10 Things to Consider Before You Take Out Shareholder Protection

Although we don’t want to think about it, what if you lost one of your stakeholders due to a serious illness or accident? If you manage or run your own business with one or more major stakeholders, then it is well worth considering Shareholder Protection. Do you know what the impact would be on your business if a stakeholder or investor were to lose their life? Do you know what would happen to their shares? And, most importantly of all – is it possible that a relative of the shareholder could become involved in the running of your business?


Before you pick up the phone to discuss your insurance, carefully consider what would happen to your business should the worst happen and you lost a key stakeholder. We’ve put together a useful checklist below to help you choose the right Shareholder Protection for your business:

  1. What would be the effect on you and your business if one of your shareholders became seriously ill or died suddenly? Consider the role stakeholders play within your business. Your stakeholders could be major decision-makers or they may have a certain skill-set. They might lead and direct your business strategy. If you have stakeholders who have a vital function within your company, then protecting your assets is essential.
  2. How many shareholders do you currently have and could this change in the future? You will need to take out further cover if you increase the number of stakeholders in your business. Always keep your policy up-to-date, reflecting your current situation.
  3. Are all your shareholders in good health? An insurer will check the medical histories of all stakeholders, usually through a Health Questionnaire. The premiums may be affected if some of your stakeholders are in poor health.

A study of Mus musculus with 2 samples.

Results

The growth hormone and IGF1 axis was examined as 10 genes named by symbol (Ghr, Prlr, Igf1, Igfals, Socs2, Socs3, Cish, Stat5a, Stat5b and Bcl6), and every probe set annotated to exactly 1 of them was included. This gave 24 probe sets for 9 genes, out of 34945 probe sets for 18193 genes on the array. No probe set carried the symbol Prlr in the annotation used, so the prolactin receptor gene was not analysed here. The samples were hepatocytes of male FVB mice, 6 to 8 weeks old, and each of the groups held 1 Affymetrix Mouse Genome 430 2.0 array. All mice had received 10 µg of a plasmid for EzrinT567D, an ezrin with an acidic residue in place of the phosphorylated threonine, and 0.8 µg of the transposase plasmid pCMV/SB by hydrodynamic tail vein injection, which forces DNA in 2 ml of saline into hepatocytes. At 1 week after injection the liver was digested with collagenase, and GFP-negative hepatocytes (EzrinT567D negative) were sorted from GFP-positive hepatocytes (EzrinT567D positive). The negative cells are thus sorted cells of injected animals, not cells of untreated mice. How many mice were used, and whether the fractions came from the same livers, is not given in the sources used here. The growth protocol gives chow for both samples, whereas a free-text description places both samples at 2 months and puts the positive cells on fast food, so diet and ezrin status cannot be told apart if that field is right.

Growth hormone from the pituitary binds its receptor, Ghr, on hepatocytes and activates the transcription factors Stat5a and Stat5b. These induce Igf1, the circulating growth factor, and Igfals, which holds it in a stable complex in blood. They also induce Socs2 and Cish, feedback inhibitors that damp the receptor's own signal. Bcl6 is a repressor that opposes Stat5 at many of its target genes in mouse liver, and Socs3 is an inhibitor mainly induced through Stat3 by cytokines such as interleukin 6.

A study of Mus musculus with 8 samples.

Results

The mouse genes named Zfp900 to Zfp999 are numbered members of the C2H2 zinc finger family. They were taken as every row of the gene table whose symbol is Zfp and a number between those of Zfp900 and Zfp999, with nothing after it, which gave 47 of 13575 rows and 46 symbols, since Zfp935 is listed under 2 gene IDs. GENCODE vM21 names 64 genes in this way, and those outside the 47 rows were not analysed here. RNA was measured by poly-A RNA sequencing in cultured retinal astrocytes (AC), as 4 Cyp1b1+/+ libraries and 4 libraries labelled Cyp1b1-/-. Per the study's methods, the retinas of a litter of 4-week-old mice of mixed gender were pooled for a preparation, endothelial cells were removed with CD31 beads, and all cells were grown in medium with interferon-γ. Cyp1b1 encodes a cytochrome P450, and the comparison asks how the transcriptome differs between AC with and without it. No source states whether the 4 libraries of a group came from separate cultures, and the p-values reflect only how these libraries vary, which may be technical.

4. Would the company have enough money to purchase the stakeholder’s shares? Assess the amount required and your ability as a business to buy shares in the event of a stakeholder’s death – would it be possible? Ask your accountant to value your company shares (this will be required before you take out a Shareholder Protection policy).
  5. If you don’t have the money to buy shares, could you raise the money elsewhere? You may be able to raise finance through your assets or via another source. Without protection, the most important thing is to ensure you can afford to buy the shares from a stakeholder if they lost their life – or you could risk losing control of your business to a third party.
  6. If it’s unlikely you could raise enough money to buy the shares, what would happen if those shares were then sold to one of your competitors? Losing control of your business to a competitor could be a major blow, so make sure you are in a position where you can fund the purchase of any stakeholder shares. If you are in doubt, take out Shareholder Protection.
  7. What is the current value of the business? An up-to-date professional business valuation is important for many reasons including access to future finance, and yet this can often be overlooked if a business has grown quicker than expected. The value of your business will affect your Shareholder Protection premiums.
  8. Do you know when the last valuation was done, and have there been any changes since? This should be well documented – get an up-to-date figure from your accountant. Every time your company undergoes a major change, especially an increase or decrease of stakeholders, your insurer needs to be informed.
  9. Is the business growing steadily and, if so, how often do you re-value the business? If you are a rapidly expanding company, then it is vital to have your business valued at regular intervals – we suggest this is done on an annual basis or after a major expansion. As your business grows, your premiums may change.
  10. If the business is contracting and you already have Shareholder Protection, are you over-insured and possibly paying unnecessary premiums? This is a very important point – always check your policy is relevant to the nature of your business. Ask an advisor to review any existing policies to make sure you are paying the right level of premium for your company.

As well as protecting your company from the loss of a shareholder (or an investor), Shareholder Protection could provide you with much-needed funds to put back into your business at a very sensitive time. Make sure your business is well-prepared for such a loss.


To find out more about Shareholder Protection, please get in touch or call 0116 366 6861 to speak to one of our advisers.